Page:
Colgan
Colgan

As a person ages, social interaction and companionship plays a significant role in mental and physical health. Developing children, for instance, need physical touch and interaction in order to thrive cognitively and emotionally. The same is true as people go through the aging process. 

Many elderly individuals suffer from loneliness and isolation, simply because they are homebound and unable to interact with others. 

One of the best ways to stay active socially is to get involved in groups or activities, which are commonly found at the local senior centers or assisted living communities.  The benefits are plentiful; from making new friends with similar interests to feeling as though you are a part of a community.

Here are some of the added benefits gained by joining a senior or assisted living center:

A sense of community — No matter what age, people enjoy feeling a part of a community. The sense of belonging can help a person feel connected and provide positivity among peers. 

Better physical health — Studies show that people who are regularly engaged in social activities are generally healthier. Being social helps boost positive feelings that alleviate stress, and as a result keep the body healthier longer.

Lower rate and risk of dementia and Alzheimer’s — Research studies show that individuals who are socially active and spend regular time with others have a lower rate of developing Alzheimer’s and dementia-related conditions than those who remain alone and in isolation most days. Companionship keeps the mind sharp, especially when humor and wit are introduced into conversation. David Troxel is a well-known author on this topic. His book, “The Best Friend’s Approach to Alzheimer’s Care” is a guideline for local memory care communities, and he often trains staff in the importance of companionship.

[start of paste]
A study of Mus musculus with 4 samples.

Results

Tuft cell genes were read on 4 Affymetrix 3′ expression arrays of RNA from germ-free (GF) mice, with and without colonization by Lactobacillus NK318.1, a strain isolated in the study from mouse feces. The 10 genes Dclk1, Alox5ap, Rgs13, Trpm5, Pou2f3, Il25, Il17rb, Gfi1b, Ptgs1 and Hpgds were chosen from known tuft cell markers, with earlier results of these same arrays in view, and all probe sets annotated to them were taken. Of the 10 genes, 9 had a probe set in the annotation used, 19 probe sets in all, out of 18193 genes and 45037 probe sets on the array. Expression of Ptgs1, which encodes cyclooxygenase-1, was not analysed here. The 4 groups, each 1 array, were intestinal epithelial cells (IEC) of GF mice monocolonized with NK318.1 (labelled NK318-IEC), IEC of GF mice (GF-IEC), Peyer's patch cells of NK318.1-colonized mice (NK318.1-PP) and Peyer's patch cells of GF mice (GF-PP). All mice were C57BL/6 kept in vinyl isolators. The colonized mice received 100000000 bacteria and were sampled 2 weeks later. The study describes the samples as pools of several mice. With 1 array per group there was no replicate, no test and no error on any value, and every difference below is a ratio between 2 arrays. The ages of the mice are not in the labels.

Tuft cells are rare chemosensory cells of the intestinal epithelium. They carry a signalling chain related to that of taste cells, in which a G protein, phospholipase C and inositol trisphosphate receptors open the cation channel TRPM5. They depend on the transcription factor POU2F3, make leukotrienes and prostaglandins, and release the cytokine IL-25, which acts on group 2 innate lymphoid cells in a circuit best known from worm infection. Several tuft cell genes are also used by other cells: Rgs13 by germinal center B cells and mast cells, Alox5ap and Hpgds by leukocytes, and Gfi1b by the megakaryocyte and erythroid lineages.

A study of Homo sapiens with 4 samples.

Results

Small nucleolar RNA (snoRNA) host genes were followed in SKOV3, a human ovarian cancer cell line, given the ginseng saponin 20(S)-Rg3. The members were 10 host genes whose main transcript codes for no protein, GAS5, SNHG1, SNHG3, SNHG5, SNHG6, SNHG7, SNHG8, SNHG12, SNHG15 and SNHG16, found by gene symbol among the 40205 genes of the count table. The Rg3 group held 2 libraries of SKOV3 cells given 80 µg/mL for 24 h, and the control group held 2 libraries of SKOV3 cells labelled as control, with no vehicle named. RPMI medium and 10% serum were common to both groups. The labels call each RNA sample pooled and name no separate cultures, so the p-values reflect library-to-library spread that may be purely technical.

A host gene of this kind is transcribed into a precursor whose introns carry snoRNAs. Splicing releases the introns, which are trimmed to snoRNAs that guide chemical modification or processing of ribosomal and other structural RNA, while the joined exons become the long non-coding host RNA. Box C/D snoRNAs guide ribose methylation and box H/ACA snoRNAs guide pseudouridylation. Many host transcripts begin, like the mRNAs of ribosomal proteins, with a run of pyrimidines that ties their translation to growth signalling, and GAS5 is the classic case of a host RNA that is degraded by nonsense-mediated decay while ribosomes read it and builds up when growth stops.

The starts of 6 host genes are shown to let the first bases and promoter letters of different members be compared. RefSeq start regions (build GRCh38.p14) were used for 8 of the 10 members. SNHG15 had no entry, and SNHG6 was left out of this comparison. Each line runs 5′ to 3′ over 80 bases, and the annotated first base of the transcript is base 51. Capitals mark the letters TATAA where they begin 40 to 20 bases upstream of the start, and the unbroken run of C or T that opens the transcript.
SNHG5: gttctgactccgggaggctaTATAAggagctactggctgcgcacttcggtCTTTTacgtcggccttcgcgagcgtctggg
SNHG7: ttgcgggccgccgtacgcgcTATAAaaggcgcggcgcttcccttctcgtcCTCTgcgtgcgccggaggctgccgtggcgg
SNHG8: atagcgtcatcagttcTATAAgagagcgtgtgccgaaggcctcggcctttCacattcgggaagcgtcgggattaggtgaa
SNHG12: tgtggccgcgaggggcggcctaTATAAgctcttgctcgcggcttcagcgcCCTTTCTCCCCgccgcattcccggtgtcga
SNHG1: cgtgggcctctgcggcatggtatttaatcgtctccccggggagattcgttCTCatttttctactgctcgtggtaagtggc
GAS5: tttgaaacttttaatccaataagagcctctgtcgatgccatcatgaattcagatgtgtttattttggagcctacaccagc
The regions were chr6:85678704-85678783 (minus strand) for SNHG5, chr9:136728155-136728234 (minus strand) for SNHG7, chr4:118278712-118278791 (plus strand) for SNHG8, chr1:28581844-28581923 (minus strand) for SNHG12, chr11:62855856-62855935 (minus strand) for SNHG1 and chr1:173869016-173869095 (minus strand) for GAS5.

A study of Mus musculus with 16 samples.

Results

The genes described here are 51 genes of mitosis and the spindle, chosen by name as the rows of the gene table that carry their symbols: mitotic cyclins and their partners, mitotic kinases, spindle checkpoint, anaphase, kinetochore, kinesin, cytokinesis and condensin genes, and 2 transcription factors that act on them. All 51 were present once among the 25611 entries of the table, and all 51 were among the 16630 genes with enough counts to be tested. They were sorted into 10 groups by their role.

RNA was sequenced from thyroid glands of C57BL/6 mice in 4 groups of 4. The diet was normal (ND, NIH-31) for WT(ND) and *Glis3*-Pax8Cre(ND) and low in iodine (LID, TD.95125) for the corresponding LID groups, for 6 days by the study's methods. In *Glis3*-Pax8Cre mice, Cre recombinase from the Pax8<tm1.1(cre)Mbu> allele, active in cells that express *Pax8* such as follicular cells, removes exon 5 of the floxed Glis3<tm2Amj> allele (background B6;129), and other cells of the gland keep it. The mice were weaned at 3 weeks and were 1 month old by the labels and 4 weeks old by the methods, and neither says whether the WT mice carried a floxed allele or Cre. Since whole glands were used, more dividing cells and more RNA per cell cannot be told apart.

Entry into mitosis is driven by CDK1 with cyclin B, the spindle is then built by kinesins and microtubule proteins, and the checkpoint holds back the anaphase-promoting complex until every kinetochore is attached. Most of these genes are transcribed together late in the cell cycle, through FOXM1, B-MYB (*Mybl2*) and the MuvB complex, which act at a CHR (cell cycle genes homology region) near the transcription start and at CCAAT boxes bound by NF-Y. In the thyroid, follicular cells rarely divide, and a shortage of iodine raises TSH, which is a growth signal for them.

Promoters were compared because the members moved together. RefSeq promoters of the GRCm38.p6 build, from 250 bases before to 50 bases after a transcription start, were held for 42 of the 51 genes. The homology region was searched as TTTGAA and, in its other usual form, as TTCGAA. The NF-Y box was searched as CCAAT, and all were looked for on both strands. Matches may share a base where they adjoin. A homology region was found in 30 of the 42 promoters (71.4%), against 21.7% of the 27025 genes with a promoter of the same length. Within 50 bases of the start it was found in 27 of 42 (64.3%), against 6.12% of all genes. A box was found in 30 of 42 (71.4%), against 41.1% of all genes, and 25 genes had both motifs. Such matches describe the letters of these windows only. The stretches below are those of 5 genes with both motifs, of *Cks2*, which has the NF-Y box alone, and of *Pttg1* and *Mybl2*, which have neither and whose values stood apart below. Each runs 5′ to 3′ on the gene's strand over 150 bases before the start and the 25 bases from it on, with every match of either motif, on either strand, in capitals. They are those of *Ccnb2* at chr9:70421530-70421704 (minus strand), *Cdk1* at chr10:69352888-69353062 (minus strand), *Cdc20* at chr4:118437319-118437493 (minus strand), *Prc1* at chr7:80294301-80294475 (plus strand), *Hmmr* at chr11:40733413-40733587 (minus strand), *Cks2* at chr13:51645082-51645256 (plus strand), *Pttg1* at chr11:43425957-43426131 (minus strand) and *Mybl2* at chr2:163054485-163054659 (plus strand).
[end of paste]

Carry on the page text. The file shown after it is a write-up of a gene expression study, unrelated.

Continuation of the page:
Another way to get involved and reap the benefits of companionship is to volunteer.  Whether done in a hospital, senior center, assisted living or even at the humane society, volunteering is a way to give back to the community while gaining so much more. Here are few ideas for volunteering in your own community and why companionship is so important:

Provide home care to others — Instead of relying on others to provide care for you, lend a helping hand if you are physically able to get out and volunteer. Hospitals, home health agencies and senior centers provide ways for individuals to volunteer their time offering companionship to others. The sense of enjoyment you gain is only half of the available benefit found in volunteering; you may just make a new friend.

Take part in congregate meal programs — A congregate meal program is designed for seniors to feel a sense of belonging, as nothing brings people together quite like a warm meal on a cold evening. Congregate meals are served in a community forum and are tended to be a socially active place to gather and share stories. Talks of family and friends, discussions about daily news topics and laughing at jokes are just some of the way’s seniors can enjoy each other’s companionship over a hot meal. The meal programs are designed to be nutritious and a high point in the day of a senior who longs for a sense of belonging. 

To guide you through recognizing the time when you or your loved one should consider a move, please join us for a complimentary seminar at 6 p.m. Thursday, Sept. 26, presented by geriatric mental health counselor Betsy Zuber, who will talk about the “Top Signs your Loved One Needs More Assistance.” The event is free to attend. Please RSVP to 206-285-1106

Julie Colgan is marketing director at Aegis of Queen Anne on Galer, an assisted living and memory care community.